Things You'll Need
6-inch joint knife
Paint roller or sponge or paintbrush
Using plaster mixes that go by the names of joint compound, mud or spackle is the basis for creating textured surfaces on walls. There are myriads of choices for the kinds of textures ranging from sanded textures to adding sparkles or colored gravel to swirls or anything else you can dream up. The mud dries just as you leave it, only slightly lighter in color. Adding sand to the mud is one of the easiest additions to work with, whether you color the mix or not.
Fill in any holes or seams in the drywall before adding the textured mud. Use joint compound to fill the holes and to smooth over the seams. Dry, sand and repeat until the wall is smooth.
Add fine sand to the mud and water mixture. Sand comes in various sizes, called meshes: the higher the number, the finer the sand. Obviously, using finer sand results in a finer texture that is not as obvious as the coarser mesh of sand. Mash the sand into the mud until you have evenly distributed it to get the texture you want.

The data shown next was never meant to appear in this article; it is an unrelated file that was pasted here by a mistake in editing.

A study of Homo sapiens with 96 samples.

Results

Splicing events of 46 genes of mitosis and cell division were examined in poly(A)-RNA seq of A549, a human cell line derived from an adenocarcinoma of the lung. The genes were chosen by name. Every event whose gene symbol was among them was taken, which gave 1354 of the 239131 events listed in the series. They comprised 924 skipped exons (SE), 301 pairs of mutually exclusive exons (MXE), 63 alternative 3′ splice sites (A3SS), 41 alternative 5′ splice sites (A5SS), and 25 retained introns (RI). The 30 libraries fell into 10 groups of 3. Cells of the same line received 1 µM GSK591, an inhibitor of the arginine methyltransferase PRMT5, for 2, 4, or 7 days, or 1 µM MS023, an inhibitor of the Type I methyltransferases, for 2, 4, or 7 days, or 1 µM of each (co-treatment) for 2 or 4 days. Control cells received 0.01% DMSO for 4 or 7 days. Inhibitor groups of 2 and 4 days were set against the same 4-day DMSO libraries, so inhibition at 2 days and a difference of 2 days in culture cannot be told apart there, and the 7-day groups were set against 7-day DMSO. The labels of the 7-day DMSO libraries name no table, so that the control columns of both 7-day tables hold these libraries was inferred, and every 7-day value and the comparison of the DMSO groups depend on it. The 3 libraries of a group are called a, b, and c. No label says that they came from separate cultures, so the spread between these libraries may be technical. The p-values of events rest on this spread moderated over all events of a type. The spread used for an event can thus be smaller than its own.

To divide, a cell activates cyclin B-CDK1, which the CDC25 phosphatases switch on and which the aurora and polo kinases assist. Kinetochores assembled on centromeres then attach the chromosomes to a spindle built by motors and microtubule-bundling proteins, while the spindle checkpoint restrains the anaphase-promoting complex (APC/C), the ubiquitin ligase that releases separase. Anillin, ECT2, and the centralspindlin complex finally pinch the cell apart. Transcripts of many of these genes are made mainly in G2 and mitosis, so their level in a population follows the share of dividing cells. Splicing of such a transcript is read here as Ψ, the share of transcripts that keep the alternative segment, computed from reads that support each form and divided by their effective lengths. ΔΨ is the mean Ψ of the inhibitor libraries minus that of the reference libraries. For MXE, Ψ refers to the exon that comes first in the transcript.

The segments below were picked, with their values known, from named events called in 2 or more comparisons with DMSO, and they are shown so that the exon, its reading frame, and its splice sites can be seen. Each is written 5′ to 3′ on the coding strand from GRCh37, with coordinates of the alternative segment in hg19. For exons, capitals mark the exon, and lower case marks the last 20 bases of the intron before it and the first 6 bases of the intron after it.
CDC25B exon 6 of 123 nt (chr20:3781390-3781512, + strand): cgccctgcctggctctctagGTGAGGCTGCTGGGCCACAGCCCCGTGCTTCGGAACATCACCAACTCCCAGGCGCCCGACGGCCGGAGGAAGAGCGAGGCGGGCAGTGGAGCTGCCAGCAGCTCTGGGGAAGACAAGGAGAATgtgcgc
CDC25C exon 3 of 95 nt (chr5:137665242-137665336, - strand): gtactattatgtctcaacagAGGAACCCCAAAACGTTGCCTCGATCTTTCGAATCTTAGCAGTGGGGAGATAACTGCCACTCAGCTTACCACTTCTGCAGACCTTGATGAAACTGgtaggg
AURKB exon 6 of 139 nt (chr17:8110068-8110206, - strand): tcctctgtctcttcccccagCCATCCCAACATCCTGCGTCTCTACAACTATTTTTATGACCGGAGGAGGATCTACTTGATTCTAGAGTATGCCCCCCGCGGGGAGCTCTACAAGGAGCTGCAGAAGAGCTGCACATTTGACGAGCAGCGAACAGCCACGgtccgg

Spread the sanded mud to the drywall surface using a 6-inch joint knife. Experiment on a piece of spare drywall to find a texture that you like. Some ideas include sponging the wet mud, using a paintbrush to create alternating brush strokes, rolling over the mud with a paint roller or just creating swirls with the joint knife.
Work quickly to cover one wall, as the drywall surface tends to absorb the moisture in the mud and dry it within a few minutes.
Spread a tarp over the floor to catch the spills.